Slate roof tiles are a great long-term investment for most homeowners and building owners. If you’d like a natural, gorgeous roofing material which may be able to outlive the rest of the building, slate tiles are the way to go. They have an incredibly long lifespan and durability, and offer superior insulation, weather resistance, and have a number of other beneficial properties.
One of the benefits that you may have heard about is the ability for you to reuse slate roof tiles in the future – or use reclaimed slate tiles in your own project, to reduce costs. Is it really possible to reuse slate roof tiles? You may have a hard time believing it, but it’s true. In this article, we’ll take a look at everything that you need to know about reusing slate roof tiles.
Slate Roofs Can Last Over 100 Years
Slate tiles, along with some other roof tiles like concrete tile and some types of clay tiles, can have an incredibly long lifespan. Slate roofs are built to last 100 years or longer, because their natural stone is non-porous, and they are attached firmly using special hand-tools, rather than nail guns.
When properly installed, a slate roof will easily last at least 100 years. In fact, there are many slate roofs that are primarily composed of their original slate tiles, and have lasted centuries. Some buildings in Cambridge University in England, for example, as well as Cobh Cathedral, and Crathorne Hall Hotel. There are innumerable other examples all across the world.
Simply put, natural slate is incredibly resistant to wear, and that means that, when properly cared for and installed, a slate roof can easily last 100 years or much longer.
The Rest Of The Roof Wears Out Before Slates Do
If a roof was made entirely out of slate, the roof would likely last more than 100 years – likely several hundred, at the minimum. But, as we all know, roofs are not just made of slate. Things like copper and steel flashing, underlay membranes, timber battens, and other components of the roof are more prone to degradation in a shorter time-frame. When properly installed, a slate roof will help protect all of these sub-components, but they will still wear out eventually, especially when exposed to extreme weather conditions.
However, this has two major advantages for those who choose to re-roof their homes or buildings with slate. First, when a roof must be rebuilt due to the deterioration of the underlying structure, most (if not all) of the slate can be reclaimed and repurposed. Usually, most slate tiles on the roof will still be in nearly perfect condition. A few may need to be discarded, but with proper care, almost all of the tiles can be reclaimed – leading to lower overall roof replacement costs.
It also means that, if you’re currently interested in roofing a building that’s using metal or an asphalt roof, you can save quite a bit of money when replacing the roof with a new slate roof installation – because you can simply purchase slate tiles that have been reclaimed from another demolition or re-roofing project.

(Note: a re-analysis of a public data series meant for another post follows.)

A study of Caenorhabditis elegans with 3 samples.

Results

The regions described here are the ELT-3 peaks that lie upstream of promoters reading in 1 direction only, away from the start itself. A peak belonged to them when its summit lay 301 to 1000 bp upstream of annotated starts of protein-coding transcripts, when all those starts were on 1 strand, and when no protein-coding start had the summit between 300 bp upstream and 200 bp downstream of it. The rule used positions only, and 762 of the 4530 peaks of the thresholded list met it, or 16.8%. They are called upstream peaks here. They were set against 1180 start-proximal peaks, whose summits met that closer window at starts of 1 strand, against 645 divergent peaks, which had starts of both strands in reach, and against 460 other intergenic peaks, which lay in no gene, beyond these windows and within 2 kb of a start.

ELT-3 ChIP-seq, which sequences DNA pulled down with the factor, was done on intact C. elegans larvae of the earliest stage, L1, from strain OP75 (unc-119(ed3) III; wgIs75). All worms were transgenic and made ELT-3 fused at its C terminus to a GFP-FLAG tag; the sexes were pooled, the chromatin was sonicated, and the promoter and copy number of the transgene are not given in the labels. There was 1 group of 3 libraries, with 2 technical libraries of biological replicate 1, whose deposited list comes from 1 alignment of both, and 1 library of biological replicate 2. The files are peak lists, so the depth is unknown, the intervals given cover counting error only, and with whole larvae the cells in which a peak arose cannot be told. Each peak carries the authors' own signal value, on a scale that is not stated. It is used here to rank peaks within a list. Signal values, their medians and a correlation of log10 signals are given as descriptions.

As an inert, natural material, the chemical and physical composition of slate will not change, even after hundreds of years. Just like any other stone, it may become weathered and eroded – but the physical properties, including minimal water absorption, insulation and strength will not change.
By purchasing reclaimed slate for your project, you can do your part to help the environment, and also save quite a bit of money, compared to purchasing brand-new, high-grade slate tiles.
Slate Roofs Also Help You Save On Repairs
Roof repairs are, unfortunately, unavoidable. Though durable, slate can still be damaged by shock and impact, such as hail, tree branches and other debris that may strike a tile and damage it.
However, slate roofs need repairs less frequently than other types of roof, and it’s easy to remove individual slate tiles and replace them. When doing this, it’s actually recommended to use older, reclaimed slate taken from other properties, as it will be thinner than new slate. New slate, which is thickly cut, can cause the surrounding tiles to “stick up,” and cause excessive shear stress, which can break the other tiles.
Reclaimed slate, on the other hand, is more likely to match the proper thickness, and be similar (both in color and weathering) to the existing slate – leading to a more reliable and aesthetically-appealing repair. As long as you can ensure that you are getting slate that’s equal in quality to your existing tiles, we highly suggest using reclaimed slate for your slate roof repairs.
Reused Slate – Just As Good As The New Stuff!
In just about any case, re-used slate (whether from your own roof or that of another building) is just as good as “new” slate. And that makes sense. After all, even the “newest” slate is still technically millions of years old! You wouldn’t expect a piece of stone to wear out quickly.
So, whether you’re curious about whether or not you can reuse your own slate when repairing your roof, or you’re thinking about investing in a new slate roof and would like to use reclaimed tiles, contact NSW Slate Roofing. We can help you determine what’s right for you, give you a free quote, and guide you throughout the entire process. Call us today on 1300 102 908.